When looking for a wind power solution to save on the cost of energy there are several factors to consider. How is your wind supply? Most all locations throughout the world the weather has been recorded and your own geographic location is documented. With this information and the precise wind power generator you can have a system designed to fit your needs. How is your installation layout? Review the overall structures, obstacles , and  landscaping to plan the proper placement of the wind power generator is important to gain the most optimal efficiency. How much wind generator power do you need? Take an inventory of your buildings electric consumption envelope. Review your electrical bill. Considering your needs and wind supply you can design a system to help offset your consumption or totally remove yourself for the grid. If your wind supply is seasonal consider incorporating it with solar.

Total  Energy Conservation Products

While the wind power solution has yet to be most economical solution, there are thousands of Americans off the grid and using wind and solar as their only means of power. Utilizing what you have in place, then applying changes to improve it to its full energy saving potential. Consider ways to retro fit structures, Residential, Small Retail Stores, Grocery Stores, Pharmacy, Warehouse, or Commercial buildings to find cost savings solutions and gain the quickest return on your investment. Wind power generators are a valuable solution to the ever rising cost of energy and the now being applied “High Peek Demand” charges.

A windmill is an engine powered by the energy of wind to achieve its design. There are all types of designs to accomplish jobs like mechanical powering,  milling grain, water pumping, threshing, and saw mills. Over time windmills have evolved into more sophisticated purposes now being referred as green energy using natural resources, wind power machines used for generating electricity which are more properly called wind turbines.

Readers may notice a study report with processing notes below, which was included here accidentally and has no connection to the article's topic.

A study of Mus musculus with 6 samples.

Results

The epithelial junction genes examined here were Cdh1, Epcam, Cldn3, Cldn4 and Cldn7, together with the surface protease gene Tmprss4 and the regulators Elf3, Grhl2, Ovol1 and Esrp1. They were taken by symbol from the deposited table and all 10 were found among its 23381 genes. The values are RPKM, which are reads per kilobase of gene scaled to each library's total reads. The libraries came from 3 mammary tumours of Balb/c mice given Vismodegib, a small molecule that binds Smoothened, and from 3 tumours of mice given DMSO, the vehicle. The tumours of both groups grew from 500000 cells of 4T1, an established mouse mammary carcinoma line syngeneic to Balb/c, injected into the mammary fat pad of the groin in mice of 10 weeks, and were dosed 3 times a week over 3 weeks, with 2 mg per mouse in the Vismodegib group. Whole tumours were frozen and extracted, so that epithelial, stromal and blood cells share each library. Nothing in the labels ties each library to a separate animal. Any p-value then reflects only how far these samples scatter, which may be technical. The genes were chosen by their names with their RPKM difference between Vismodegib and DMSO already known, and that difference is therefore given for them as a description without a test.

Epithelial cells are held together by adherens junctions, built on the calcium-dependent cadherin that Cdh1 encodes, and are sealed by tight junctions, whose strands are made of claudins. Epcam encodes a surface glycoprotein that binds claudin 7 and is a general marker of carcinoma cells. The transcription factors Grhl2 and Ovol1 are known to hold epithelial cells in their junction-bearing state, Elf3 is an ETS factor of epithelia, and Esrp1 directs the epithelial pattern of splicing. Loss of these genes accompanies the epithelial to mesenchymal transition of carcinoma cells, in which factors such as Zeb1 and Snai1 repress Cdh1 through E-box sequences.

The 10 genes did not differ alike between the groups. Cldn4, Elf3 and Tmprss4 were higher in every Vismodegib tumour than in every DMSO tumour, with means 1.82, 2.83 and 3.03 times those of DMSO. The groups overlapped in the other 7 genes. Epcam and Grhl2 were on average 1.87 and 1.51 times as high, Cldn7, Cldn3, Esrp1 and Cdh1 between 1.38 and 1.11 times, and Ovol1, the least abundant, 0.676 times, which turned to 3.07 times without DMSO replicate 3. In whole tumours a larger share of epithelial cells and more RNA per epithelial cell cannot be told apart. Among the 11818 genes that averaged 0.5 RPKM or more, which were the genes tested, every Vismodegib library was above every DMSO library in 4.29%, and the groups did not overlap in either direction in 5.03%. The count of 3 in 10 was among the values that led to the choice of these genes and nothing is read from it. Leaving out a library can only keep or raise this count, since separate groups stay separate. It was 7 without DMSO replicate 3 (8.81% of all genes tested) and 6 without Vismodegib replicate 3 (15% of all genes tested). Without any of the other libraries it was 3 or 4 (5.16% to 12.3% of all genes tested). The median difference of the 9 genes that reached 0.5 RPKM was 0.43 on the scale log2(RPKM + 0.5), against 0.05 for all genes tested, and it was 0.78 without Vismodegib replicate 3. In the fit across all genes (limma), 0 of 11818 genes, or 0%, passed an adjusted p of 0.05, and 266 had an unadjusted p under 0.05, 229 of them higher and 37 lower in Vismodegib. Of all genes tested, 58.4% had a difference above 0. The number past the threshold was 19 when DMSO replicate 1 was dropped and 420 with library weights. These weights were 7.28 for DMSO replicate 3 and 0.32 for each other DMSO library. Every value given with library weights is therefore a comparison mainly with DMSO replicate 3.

Make a list of your natural resources you have available. With this approach you will be able to isolate your needs and consider the most efficient, cost effective, and economical energy solution to save real money.

The Small Wind Certification Council is a newly-incorporated independent certification body that will take test results for small wind turbines and issue a North American small wind certification and provide power, energy production and sound labels for the turbine. Program field tests for metrics such as power curve, annual energy performance, sound pressure levels, strength and safety tests, and duration tests are run by DOE/NREL.

What should I need to know about buying a wind power generator.

Wind turbines, also called a wind mills, is a means of harnessing the kinetic energy of the wind and converting it into electrical energy. By its design a Horizontal-Axis and Vertical-Axis, is accomplished by turning blades called aero-foils, which drive a shaft, which drive a motor (turbine) and are connected to a generator. Most common low speed horizontal-axis windmills are used for water pumping and air compressing.

Mixing natural energy producing resources like wind power and solar can be an excellent energy supplier. This design can complement each other, especially where the sun is not present in some seasons and wind is, this also vice-versa.  The new wind power generators are very sophisticated and can capture both the ferocious and gentle winds.

The National Renewable Energy Laboratory's (NREL's) National Wind Technology Center (NWTC), located at the base of the foothills just south of Boulder, Colorado, is the nation's premier wind energy technology research facility. Built in 1993, the center provides an ideal environment for the development of advanced wind energy technologies. The goal of the research conducted at the center is to help industry reduce the cost of energy so that wind can compete with traditional energy sources, providing a clean, renewable alternative for our nation's energy needs.

In the U.S. alone, as of 2015 Wind Capacity and Wind Projects have increased to 28,635 locations in 45 states.  This does not include any small commercial or residential applications.  View the animated map showing the growth rate since 1999 to 2015, you will see how this wind power technology as been increasing. This is a good example of how America is utilizing its natural resources to help reduce carbon footprint, emissions, and recycling. 

The U.S. Department of Energy has been documenting and recording wind information. One of Wind Powering America's key activities is to provide validated, high-resolution state wind maps.  Now published are two Wind Resource Maps to review of the United States.